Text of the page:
Captive and Field Herpetology

This is based on a recent talk by Ben Owens at Bangor University Herpetological Society.

About the journal

During a recent trip which spanned six months and saw Ben Owens herping in 9 countries, the idea of the Captive and Field Herpetology journal was formed. As its name suggests, the journal is based around herpetological husbandry, natural history notes and captive and field observations.

A few months later (albeit later on than Ben expected) the first issue of Captive and Field Herpetology was published online. It covers a range of topics from Asian water monitor behaviour to breeding helmeted basilisk, and can be foundĀ here.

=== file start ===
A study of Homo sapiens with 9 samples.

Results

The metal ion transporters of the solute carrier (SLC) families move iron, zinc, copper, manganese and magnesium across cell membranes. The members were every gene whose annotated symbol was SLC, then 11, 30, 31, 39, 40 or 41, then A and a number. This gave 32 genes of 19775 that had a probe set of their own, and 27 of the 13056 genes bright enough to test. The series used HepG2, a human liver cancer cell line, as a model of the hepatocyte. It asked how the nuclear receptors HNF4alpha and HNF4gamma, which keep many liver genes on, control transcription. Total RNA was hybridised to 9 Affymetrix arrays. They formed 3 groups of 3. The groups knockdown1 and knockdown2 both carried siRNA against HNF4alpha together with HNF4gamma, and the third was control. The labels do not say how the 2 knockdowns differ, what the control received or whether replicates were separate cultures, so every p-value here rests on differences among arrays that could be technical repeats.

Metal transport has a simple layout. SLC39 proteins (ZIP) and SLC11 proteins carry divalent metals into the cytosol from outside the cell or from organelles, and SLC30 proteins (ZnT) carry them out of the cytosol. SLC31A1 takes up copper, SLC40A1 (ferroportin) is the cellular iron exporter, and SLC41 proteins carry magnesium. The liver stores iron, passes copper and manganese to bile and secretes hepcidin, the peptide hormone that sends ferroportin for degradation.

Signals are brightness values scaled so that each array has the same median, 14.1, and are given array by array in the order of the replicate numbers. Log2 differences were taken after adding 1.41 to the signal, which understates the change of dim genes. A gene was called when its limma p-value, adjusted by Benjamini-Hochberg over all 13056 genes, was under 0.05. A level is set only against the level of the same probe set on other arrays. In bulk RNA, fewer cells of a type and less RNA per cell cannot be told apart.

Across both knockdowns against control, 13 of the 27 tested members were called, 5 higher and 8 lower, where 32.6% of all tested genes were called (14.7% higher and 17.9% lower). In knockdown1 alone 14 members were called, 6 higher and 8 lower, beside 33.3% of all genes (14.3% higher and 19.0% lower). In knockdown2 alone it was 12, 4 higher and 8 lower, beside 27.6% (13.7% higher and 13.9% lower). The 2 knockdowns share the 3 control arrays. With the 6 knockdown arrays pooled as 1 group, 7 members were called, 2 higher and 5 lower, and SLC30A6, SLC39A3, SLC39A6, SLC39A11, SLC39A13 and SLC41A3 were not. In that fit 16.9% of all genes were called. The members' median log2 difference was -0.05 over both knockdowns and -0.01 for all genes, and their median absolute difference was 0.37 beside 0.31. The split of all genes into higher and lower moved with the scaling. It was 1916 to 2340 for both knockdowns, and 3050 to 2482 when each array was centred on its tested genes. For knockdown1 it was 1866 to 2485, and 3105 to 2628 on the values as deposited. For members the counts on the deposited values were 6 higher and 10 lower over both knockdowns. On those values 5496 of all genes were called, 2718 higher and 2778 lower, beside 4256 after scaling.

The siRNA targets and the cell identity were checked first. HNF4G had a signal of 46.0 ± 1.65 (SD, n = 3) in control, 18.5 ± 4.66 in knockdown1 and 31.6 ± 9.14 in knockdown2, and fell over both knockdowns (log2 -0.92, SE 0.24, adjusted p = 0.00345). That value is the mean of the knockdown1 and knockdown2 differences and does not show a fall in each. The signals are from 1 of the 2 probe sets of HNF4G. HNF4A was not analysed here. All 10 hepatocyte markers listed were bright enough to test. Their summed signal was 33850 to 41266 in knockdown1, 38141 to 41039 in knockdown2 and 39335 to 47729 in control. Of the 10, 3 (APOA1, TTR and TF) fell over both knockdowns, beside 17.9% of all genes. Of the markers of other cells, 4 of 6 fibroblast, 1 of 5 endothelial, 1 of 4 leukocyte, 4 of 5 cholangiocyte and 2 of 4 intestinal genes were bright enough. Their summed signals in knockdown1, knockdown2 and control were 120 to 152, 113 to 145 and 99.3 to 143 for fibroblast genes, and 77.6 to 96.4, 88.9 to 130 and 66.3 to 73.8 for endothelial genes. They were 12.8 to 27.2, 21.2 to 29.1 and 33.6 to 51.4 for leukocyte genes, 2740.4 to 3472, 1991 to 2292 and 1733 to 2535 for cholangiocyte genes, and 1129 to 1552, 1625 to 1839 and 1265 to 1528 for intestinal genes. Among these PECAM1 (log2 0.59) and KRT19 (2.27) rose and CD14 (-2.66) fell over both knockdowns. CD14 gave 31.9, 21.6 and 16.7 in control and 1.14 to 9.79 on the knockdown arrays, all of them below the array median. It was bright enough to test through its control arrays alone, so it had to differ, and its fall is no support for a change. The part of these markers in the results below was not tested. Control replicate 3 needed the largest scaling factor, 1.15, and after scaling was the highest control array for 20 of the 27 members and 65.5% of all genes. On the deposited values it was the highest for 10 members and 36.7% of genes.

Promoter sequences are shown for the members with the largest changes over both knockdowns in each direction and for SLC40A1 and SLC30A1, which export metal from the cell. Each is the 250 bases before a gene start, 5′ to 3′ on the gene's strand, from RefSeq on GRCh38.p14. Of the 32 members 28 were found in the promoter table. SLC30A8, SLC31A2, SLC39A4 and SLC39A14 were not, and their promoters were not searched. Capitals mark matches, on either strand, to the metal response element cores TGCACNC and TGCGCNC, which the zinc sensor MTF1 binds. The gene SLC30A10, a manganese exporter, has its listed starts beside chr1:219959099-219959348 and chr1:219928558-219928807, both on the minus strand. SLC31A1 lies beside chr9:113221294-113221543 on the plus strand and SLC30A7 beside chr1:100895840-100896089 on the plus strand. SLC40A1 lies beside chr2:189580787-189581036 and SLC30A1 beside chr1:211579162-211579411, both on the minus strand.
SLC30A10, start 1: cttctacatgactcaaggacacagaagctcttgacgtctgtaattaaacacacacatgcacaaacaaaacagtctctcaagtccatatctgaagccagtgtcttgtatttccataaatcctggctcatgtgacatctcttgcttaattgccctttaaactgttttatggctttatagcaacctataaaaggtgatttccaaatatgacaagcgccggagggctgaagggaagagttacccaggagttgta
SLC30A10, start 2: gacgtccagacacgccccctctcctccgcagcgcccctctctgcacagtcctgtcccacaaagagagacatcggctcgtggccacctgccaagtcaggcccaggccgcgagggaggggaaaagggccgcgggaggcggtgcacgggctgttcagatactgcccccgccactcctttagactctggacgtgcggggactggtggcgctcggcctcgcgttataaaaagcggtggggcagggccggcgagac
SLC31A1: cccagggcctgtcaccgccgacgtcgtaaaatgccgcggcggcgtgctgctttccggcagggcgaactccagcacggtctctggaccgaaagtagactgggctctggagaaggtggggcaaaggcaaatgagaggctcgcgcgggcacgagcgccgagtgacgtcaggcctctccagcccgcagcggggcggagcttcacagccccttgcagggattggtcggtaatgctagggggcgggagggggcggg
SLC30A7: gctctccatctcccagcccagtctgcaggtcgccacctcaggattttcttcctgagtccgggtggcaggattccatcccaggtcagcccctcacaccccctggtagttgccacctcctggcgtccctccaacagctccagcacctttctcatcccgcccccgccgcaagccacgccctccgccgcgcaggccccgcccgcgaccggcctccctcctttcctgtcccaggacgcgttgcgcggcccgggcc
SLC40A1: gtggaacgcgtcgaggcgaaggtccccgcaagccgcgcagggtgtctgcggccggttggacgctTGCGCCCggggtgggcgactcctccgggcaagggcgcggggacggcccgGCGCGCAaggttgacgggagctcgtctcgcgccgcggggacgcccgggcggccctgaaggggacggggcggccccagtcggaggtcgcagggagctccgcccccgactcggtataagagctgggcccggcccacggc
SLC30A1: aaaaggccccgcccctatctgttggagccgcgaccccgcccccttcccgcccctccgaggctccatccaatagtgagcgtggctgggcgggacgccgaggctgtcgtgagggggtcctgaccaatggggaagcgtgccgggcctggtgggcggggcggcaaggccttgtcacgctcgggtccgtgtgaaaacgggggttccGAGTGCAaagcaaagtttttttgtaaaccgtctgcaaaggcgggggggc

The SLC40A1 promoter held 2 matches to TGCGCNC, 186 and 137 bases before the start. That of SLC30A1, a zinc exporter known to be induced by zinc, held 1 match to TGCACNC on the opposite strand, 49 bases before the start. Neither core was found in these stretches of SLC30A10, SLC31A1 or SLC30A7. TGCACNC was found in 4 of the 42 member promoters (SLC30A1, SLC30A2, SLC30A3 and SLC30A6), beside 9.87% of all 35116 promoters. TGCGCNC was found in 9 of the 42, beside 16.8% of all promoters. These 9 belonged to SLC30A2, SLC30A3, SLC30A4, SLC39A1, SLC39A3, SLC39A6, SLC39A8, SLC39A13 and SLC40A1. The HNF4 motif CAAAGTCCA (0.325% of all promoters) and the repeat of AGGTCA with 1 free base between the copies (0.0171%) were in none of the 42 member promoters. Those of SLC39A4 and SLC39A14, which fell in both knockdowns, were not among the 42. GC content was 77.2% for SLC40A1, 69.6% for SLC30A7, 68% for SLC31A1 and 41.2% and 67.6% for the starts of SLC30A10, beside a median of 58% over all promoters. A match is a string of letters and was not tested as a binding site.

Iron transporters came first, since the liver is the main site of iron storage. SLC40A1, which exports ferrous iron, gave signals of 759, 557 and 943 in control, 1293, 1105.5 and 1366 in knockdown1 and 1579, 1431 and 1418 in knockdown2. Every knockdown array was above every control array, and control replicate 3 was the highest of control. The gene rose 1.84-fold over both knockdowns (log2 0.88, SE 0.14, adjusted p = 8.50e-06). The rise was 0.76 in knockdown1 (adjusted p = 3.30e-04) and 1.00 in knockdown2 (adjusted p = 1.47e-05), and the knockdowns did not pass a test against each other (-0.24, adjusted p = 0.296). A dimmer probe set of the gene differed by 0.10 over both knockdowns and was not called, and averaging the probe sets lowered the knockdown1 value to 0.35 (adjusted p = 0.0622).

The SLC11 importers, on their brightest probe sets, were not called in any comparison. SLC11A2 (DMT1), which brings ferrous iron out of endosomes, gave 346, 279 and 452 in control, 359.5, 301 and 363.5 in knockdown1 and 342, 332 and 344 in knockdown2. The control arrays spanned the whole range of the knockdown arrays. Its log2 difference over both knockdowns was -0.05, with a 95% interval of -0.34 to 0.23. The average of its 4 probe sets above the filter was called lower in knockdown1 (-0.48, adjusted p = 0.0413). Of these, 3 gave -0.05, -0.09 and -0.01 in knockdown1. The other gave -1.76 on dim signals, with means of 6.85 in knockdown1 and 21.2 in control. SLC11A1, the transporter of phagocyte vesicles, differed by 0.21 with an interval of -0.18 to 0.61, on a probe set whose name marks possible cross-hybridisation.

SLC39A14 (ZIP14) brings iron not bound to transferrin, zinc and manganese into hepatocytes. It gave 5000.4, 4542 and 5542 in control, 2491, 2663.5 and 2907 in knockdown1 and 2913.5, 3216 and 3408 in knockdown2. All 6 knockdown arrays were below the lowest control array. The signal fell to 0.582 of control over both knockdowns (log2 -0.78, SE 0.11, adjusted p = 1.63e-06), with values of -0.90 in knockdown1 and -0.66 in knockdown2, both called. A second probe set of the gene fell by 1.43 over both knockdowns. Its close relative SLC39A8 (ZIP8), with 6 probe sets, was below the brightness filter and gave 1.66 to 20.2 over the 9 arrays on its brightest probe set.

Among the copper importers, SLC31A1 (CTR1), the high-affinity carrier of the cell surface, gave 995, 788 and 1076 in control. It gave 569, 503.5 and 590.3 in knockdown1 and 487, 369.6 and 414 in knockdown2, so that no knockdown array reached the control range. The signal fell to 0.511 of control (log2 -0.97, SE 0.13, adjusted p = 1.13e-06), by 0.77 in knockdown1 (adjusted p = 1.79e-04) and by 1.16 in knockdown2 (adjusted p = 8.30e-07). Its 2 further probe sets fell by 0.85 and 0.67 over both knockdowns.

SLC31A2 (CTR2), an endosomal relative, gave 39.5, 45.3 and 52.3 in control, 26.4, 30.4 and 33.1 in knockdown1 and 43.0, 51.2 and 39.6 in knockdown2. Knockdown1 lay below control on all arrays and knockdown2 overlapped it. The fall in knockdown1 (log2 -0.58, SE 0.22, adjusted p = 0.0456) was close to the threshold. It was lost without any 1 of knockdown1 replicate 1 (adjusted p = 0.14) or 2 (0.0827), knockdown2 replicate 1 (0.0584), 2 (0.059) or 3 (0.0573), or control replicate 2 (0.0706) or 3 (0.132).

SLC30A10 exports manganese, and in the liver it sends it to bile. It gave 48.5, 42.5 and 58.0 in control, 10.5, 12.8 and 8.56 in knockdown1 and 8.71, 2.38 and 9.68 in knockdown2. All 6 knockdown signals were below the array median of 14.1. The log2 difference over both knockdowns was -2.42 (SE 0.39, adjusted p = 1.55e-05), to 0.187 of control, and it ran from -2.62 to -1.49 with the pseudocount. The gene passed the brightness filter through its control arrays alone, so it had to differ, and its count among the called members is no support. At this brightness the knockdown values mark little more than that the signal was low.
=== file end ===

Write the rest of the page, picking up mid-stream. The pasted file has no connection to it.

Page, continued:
About the expeditions

Ben then went on to explain the expeditions that Captive and Field Herpetology runs. Alongside the online journal, the herpetofauna-based expeditions to a variety of places. For example, the next trip in November will go to India. They seem ideal for people wanting to gain experience in herpetology.

Personal thoughts

I found Ben’s recent talk very engaging. His passion for herpetology was clear.

It was interesting to learn more about how the journal was established, and about how labour-intensive the process was. Before this talk, I had given little consideration towards working in a scientific journal. However, I now realise that this is an area that interests me career-wise. Perhaps when I have some experience in the world of scientific publishing, I will follow in Ben’s footsteps and start a scientific journal.

Organising a wildlife-based expedition is something that I have recently been looking into. Captive and Field Herpetology’s expeditions are a source of inspiration for my own expedition planning.

 

Captive and Field Herpetology

The Captive & Field Herpetology logo. Credit: Captive & Field Herpetology.